In the spring of 1929, Willard Bishop faced a dilemma. With an auto garage business and growing family in Garrettsville, Ohio, he liked to get away to go fishing whenever he could. A few years earlier, he’d bought a vacant lot on the hillside shore of Lake Milton, about 20 miles away. But where could he and his fishing buddies sleep when they wanted to spend the night there?
Lacking the resources to build a house, Willard fell back on what he knew best: automobiles. Born February 21, 1892, he had started tinkering with cars as a teenager, and landed a job as a mechanic by 1917. Why not build a little cabin on wheels?
Willard enlisted the help of a friend, blacksmith Welty Rood. The lack of a blueprint didn’t discourage them. They cleared out a bay in Willard’s repair shop and got to work.
|Willard Bishop's Chrysler-Plymouth garage and dealership, Garrettsville, Ohio|
Starting with an old four-cylinder Model T Ford, they removed everything except the engine, windshield, and front seat. They constructed a box to fit over the bare chassis. Inside they built two sets of bunks, and installed an icebox and sink. A small table and chairs completed the setup. Willard wired it with electric lights and cut out windows. It was tight, but four people could sleep safe from the elements, wash up, and keep some food brought from home.
There was just one problem. The contraption was too high to get out of the garage.
Their only recourse was to cut several inches off the top of the camper. Willard’s head nearly touched the ceiling of the new top. Even then, it wouldn’t clear the garage door. So they let the air out of all the tires, and with the help of a few other fellows, crept the motor home gingerly out of the garage.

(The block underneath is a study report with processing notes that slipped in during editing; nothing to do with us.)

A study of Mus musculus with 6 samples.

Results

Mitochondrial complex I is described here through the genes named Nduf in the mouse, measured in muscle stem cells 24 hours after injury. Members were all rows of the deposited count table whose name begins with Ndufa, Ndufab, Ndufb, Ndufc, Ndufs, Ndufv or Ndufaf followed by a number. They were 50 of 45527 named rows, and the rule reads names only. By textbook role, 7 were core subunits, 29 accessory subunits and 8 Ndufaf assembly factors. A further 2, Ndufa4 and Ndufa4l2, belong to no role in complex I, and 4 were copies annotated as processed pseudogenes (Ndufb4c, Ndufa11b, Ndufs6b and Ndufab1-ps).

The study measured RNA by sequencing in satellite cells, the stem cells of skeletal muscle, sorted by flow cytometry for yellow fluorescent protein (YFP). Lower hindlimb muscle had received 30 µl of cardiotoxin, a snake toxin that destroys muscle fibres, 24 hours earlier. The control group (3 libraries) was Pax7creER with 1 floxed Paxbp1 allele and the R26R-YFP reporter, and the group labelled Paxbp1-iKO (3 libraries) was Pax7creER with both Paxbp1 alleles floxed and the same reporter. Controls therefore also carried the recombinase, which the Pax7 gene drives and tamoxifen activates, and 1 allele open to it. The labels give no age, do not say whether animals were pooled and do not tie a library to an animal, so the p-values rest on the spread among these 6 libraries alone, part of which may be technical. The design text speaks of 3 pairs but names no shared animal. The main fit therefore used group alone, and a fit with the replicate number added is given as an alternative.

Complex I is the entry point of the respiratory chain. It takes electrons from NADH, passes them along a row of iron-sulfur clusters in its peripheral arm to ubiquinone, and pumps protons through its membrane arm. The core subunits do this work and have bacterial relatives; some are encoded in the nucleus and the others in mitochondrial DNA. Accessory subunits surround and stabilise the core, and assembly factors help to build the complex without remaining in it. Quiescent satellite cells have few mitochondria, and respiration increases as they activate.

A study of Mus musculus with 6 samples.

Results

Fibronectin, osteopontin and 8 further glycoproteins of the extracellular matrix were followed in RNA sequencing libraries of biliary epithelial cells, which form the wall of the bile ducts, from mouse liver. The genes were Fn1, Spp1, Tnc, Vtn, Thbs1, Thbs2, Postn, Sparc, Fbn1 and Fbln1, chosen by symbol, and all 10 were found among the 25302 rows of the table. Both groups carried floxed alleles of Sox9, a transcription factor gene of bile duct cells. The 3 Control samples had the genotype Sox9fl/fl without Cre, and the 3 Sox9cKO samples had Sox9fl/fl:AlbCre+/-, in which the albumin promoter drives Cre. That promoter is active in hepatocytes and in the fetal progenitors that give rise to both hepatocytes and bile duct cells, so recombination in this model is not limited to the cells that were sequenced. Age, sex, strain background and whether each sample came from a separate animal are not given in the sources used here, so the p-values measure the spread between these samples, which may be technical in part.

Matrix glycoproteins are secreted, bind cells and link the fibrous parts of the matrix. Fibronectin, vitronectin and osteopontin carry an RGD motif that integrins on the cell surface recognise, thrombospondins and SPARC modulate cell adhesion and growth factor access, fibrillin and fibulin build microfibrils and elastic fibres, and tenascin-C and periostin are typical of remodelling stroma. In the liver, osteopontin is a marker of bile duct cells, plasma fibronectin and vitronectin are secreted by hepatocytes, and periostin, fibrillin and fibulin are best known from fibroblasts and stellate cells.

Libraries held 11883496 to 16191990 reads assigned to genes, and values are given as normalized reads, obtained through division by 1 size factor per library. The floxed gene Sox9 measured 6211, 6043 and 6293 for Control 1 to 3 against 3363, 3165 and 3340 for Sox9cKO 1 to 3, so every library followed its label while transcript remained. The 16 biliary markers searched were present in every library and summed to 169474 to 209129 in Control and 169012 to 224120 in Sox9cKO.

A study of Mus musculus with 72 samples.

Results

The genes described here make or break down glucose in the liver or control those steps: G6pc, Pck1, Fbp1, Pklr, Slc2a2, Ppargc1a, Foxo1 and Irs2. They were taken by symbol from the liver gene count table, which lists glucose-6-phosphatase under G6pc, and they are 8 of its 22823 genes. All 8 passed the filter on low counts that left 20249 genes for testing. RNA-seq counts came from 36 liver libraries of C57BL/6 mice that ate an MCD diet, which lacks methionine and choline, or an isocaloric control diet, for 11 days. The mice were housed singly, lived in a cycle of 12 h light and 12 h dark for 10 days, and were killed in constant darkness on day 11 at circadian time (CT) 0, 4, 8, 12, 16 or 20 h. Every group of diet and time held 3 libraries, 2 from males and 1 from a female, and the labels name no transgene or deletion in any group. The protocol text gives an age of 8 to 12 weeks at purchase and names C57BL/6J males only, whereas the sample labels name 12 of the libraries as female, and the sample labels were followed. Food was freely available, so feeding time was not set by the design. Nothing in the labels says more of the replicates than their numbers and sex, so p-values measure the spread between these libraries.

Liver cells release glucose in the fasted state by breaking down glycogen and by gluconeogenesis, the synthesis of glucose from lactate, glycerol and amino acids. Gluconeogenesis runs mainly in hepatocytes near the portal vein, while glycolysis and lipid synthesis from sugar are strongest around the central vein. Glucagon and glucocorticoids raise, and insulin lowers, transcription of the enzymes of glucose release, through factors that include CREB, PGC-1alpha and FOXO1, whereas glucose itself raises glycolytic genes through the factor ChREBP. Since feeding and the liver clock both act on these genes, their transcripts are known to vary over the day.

|Willard Bishop, left, and Welty Rood with their homemade Model T camper|
With the tires re-inflated, Willard and Welty drove the homemade camper slowly over the winding road out of Garrettsville. They passed through the town of Newton Falls, continuing down narrow County Line Road to Lake Milton. There was no hurry; it would be her only voyage.
Positioned proudly on the lot, the camper reigned over the lake below. With the addition of an outhouse and fire ring, Willard and his buddies could fish, eat, and sleep in comfort all summer. After a long winter, it sat there waiting to welcome them back.
Soon Willard’s kids were clamoring to go to Lake Milton, too. He started taking his three boys fishing and boating with him. The shack, as they called it, was too crude to suit his wife, Annah, and their daughter. Willard eventually bought a factory-made motor home for the ladies and himself, leaving the shack to the boys. The new one even came with a kitchen.
|Willard and his daughter with the store-bought camper, about 1937|
|Willard's son, Bob, showing off his catch|
In 1940, Willard sold his property and purchased two nearby lots, one of which held a small 1928 cottage. While the cottage still required use of an outhouse, it felt luxuriously spacious compared to the campers. Now the family could enjoy quiet mornings overlooking glass-still water, hot afternoons of swimming, and lingering twilights all summer. Willard usually stayed in Garrettsville to work during the week, joining them on weekends.
The old Model T shack made the move, too. Its hand-cranked engine sprang to life even after years of disuse. Willard kept it for storage for a few years, finally taking it away during World War II. Although it would be forgotten until the discovery of a photo decades later, its legacy was firmly established. Willard’s son and his wife, their children and grandchildren still gather at the lake for a family reunion every summer. And while a bathroom was installed in 1983, the place is no bigger than before. Leading to another dilemma: where does everyone sleep?
Ah, what Willard would have given for one of these modern beauties, with their slide-out sitting rooms, full kitchens and baths, and queen-size beds.
Then again, maybe not.
© Shelley Ballenger Bishop 2014
The blog series “52 Ancestors in 52 Weeks” is coordinated by Amy Johnson Crow, CG, author of No Story Too Small.